A big, disarming smile. A gift that belongs only to a few. Those who have come to terms with the nature of life – absurdity, and decided to live with enthusiasm and an uncommonly light touch. Silvia Guerra’s got one of these smiles.
Italian cabaret artist, born in Bologna in ’75, Silvia has traveled a lot around Europe. She first settled in France, where she gave birth to her baby. In 2010, they came to Belgium together. Since two years, she’s been challenging an expulsion order. Yes, a European national expelled from another EU country. No, she did nothing wrong.
“An Unreasonable Burden”
Silvia is one of the thousands of Europeans who took advantage of free movement in the EU and have been hit with an ordre de quitter le territoire. Many people have already heard or read about this and other similar cases. This is a quite recent but clear stance in Belgian governmental politics, based on a restrictive interpretation of a European directive dating back to 2004. Before 2010, only non-EU nationals were indiscriminately targeted by expulsion orders. Now she tells her story in an exhilarating theatre performance, “Une Charge Déraisonnable”. Her legal battle continues.
“Combattre une expulsion prend plus de temps qu’un travail à plein temps” – “Challenging an expulsion order takes more time than a full-time job”.
The measure applies indiscriminately to anyone who has been receiving unemployment benefit or social assistance for more than three months; those in the most precarious circumstances are thus affected by it. Italians, French, Romanians, Bulgarians, Spanish and Greeks are the most targeted nationalities. Workers in certain types of employment are also being targeted: in November 2013, when she received the expulsion order, Silvia was working for the Public Social Action Centre (CPAS), with a contract partly financed from the state. At the same time, her artistic career was taking off.
The stage is empty. Only four wooden chairs at the center of the stage, illuminated by a warm light. Ordinary chairs, as those she probably found in dozens of public offices, where she could sit and wait for her turn. Her turn to explain her story, provide documents, get other documents done, go to another office, answer the same questions, call the lawyer, come back and… hours, days, months, years.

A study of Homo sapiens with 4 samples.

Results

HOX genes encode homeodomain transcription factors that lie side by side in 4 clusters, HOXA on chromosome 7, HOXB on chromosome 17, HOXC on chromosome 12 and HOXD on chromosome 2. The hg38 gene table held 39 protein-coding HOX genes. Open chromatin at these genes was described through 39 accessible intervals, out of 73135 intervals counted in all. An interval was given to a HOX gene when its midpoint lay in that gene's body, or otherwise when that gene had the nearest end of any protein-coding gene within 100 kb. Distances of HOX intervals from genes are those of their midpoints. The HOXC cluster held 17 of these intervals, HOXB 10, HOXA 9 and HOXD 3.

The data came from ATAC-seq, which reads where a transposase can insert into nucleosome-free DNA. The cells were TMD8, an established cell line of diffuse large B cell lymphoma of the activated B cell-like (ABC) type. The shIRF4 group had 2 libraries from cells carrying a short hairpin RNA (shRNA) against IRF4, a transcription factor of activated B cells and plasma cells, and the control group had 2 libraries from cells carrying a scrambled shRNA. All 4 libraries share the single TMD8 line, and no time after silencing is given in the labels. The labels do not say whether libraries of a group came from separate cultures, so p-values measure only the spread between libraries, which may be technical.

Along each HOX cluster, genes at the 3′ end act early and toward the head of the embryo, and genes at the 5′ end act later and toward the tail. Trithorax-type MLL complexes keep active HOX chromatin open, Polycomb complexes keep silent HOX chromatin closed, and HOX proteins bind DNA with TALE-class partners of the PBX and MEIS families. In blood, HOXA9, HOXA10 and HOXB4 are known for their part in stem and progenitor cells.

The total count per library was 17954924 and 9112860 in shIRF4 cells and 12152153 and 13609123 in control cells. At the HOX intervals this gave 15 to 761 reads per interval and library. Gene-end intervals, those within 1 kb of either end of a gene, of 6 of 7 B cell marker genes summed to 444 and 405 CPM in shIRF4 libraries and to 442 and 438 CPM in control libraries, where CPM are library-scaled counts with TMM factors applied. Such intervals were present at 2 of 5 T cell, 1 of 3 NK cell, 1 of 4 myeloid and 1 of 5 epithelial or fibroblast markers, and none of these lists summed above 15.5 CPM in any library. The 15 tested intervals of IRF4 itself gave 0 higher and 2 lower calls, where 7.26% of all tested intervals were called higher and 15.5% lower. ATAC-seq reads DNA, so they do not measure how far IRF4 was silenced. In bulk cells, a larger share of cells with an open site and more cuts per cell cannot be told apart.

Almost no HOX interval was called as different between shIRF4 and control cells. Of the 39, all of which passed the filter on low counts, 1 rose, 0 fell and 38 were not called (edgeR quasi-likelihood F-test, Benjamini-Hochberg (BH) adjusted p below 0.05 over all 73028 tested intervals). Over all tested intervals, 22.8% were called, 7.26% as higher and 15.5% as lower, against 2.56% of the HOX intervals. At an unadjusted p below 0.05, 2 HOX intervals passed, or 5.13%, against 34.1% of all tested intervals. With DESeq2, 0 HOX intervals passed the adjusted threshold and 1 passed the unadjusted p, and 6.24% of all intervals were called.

“La célébrité efface n’importe quelle disgrace” – “Celebrity removes all misfortunes”
“I was shattered. It took me a lot of time and courage to explain everything to my family. It was really hard. I informed them that I was about to appeal against the decision and bring my case further… also with the media. My mother listened carefully. At the end she looked at me and said: – Ok Silvia, you must go to the hairdresser. Now! And… ooh, have a look at your shoes! Silvia, please, go buy a new pair of shoes – “.
“Pour avoir plus d’alliés – soyez cons!” – “If you’re looking for allies, be dumb !”
On the ground, her red and white accordeon. Life definitely turned this musician into a comedian. She takes it and plays several times. The bureaucratic merry-go-round was a tragi-comedy. The administration didn’t know how to help her. The embassy didn’t know a thing about it.“Hey, I was received by the ambassador. Oh man, what an actor!”. That meeting was merely pomp and ceremony. Not an ordinary chair – she waited for him on a big comfy sofa. A lot of questions, he tried his best to show concern. “He even asked me how many people were in the same situation as me – the ambassador!” He then summarised his assessment: “Ah, unfortunately this is a political issue; and politics is a very, very complex thing”.
More and more people in need, less and less money for social spending: the direct consequence of austerity cuts, further exacerbating the economic crisis. Europe is sinking. In 2013, the Belgian Government withdrew residence permits from more than 2000 people. Many of them just left the country. In 2010, the number was 6 times lower. The instigator of this drastic increase is Maggie de Block, former secretary of state for migration and asylum policy. She is now minister of social affairs and health in the Michel government.
Tu t’énerves avec un saint du calendrier”. “You can get angry at whatever saint on the calendar”
As a child, she learnt this from a neighbour in Bologna, a “red” city since ever, deeply rooted in anti-clerical, progressive views. A bulwark of cultural resistance to the invasiveness of the Vatican. “One day, when you’ll have troubles, just go in front of the calendar, choose a saint and start getting angry at him. That will pass.”
Her situation was redressed a few months ago, albeit temporarily. Not justice, neither politics, nor the administration: she discovered by chance that she could have a new residence permit if she signed another type of work contract. Administratively, this meant starting again.
Meanwhile, she expects a response to her dossier from the Belgian authorities. She definitely wants it. The response is long in coming – they take their time. Following the exhaustion of all remedies against the decision at the national level, Silvia could bring the case to the European Court of Justice. The ECJ judgement would have much more political value and repercussions in the EU. It could also annul the expulsion order, giving back her past, her rights in Belgium prior to November 2013.
“Why didn’t you tell me that another type of work contract would have improved my situation?”, she asked the administrative department. “Well, Madam, be-because you’ve never asked us!”.